April 23, 1944 – Front line rifle companies at Anzio were seldom at full strength except by accident


For all of the rhetoric of combined-arms operations, it was the men who wore the crossed rifles on their collars, with the protection provided by an olive drab shirt, the firepower they could carry, and the mobility furnished buy their own two feet, who bore the ultimate burden of carrying and consolidating enemy positions.

Their status was recognized by a unique award: The Combat Infantryman Badge. Established in 1943, its issue was restricted to infantrymen assigned to an infantry unit actively engaged in ground combat, who participated actively and satisfactorily in that combat. The soldiers who wore it were unique, save only for the frontline medics who received a counterpart—the Combat Medic Badge in 1945.

Combat Infantryman Badge

The Combat Infantryman Badge (CIB) is an award of the United States Army which is presented to those officers, warrant officers and enlisted soldiers, in the grade of Colonel and below, who participate in active ground combat while assigned as a member of an infantry or Special Forces unit, brigade or smaller size, during any period subsequent to December 6, 1941.

It was created with the primary goal of recognizing the sacrifices of the infantrymen who were disproportionately likely to be killed or wounded during World War II.

In 1947, a policy was implemented that authorized the retroactive award of the Bronze Star to soldiers who had received the Combat Infantryman Badge during World War II. The basis for doing this was that the CIB was awarded only to soldiers who had borne combat duties befitting the Bronze Star Medal and also that both awards required a recommendation by the commander and a citation in orders. (http://cibassoc.com/history/history-of-the-combat-infantrymans-badge)

  • During World War II, ten dollars a month extra pay went with the Combat Infantryman Badge. It was blood money in the truest sense.
  • Infantry divisions suffered more than 90 percent of the casualties in Europe.
  • By a branch of service, more than 80 percent fell on the infantry.
  • An infantry regiment with on-paper strength of a little more than 3000 might lose over twice that many in less than a year of combat.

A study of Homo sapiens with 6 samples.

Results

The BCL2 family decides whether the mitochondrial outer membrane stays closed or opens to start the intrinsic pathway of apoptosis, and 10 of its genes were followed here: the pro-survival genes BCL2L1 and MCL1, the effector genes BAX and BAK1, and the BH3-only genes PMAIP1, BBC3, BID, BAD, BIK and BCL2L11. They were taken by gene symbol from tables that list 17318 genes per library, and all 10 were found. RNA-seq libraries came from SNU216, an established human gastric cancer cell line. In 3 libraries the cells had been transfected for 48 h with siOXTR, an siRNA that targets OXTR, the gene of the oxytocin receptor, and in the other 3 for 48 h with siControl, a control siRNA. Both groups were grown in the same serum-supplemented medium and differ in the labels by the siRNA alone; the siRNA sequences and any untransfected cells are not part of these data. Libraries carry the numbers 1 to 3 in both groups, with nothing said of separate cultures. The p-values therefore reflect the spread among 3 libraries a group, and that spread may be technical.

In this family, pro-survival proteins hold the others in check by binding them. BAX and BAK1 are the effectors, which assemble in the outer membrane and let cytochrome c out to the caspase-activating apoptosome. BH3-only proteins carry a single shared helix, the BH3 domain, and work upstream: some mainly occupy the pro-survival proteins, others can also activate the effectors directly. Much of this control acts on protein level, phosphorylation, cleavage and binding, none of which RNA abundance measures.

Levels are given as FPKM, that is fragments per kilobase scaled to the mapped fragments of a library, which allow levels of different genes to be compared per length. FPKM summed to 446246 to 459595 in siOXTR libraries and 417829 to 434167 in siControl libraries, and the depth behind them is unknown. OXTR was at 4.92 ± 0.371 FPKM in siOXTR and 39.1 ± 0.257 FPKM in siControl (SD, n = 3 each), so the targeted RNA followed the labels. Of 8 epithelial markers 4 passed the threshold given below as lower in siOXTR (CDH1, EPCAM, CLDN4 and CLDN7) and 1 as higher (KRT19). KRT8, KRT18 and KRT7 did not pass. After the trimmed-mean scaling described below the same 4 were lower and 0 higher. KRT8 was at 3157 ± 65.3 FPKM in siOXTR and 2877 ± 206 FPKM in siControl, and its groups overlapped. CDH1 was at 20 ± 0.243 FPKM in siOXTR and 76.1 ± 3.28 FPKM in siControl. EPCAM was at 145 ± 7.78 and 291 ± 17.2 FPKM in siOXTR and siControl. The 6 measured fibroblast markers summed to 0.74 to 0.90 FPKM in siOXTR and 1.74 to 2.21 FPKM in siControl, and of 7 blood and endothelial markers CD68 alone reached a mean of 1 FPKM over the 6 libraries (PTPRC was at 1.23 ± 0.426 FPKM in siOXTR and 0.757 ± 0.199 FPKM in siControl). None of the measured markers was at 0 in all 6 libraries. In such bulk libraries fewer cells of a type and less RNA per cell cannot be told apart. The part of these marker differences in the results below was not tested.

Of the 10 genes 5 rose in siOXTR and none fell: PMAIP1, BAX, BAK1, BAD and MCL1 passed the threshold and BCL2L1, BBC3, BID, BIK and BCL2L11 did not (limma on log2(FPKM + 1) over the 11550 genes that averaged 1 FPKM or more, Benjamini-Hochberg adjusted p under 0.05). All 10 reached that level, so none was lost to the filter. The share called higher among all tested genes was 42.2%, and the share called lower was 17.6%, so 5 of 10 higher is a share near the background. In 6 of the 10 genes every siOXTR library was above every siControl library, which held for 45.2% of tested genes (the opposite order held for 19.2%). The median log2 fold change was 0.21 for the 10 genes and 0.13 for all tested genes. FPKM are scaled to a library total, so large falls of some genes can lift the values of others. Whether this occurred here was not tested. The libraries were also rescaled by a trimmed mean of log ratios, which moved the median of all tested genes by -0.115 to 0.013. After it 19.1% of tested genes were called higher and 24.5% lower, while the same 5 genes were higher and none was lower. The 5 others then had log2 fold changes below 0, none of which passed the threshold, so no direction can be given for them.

• It was not unusual for a rifle company …  to turn over its strength three times and more.

Such casualty rates played havoc with the concept of a “Band of Brothers” popularized by Stephen Ambrose and the popular television series made from his book.

An infantry company’s make up was constantly changing—a pattern exacerbated because men who left their company because of wounds and illness could not count on being returned to it.

Ordinary infantrymen had to make extraordinary efforts, sometimes going so far is disappearing from the a hospital or replacement depot, and being officially listed as deserters. Casualties were in turn replaced individually.

The situation was exacerbated at high levels by a policy and a miscalculation. The policy was the “ninety-division gamble,” Army Chief of Staff George C. Marshall’s Decision decision to hold the army’s size to a minimum and to devote the freed resources to war production and naval and air power.

This meant that divisions were kept on the line almost constantly, with corresponding increases in stress and casualties.

Rifle companies in any army were seldom at full strength except by accident. An American company even after a few days in action was unlikely to have enough men, 130 or so, to sustain its effectiveness longer before casualties eroded both physical and moral ability to continue.[1]

[1] Dennis Showalter, in: MacDonald, ix-xi.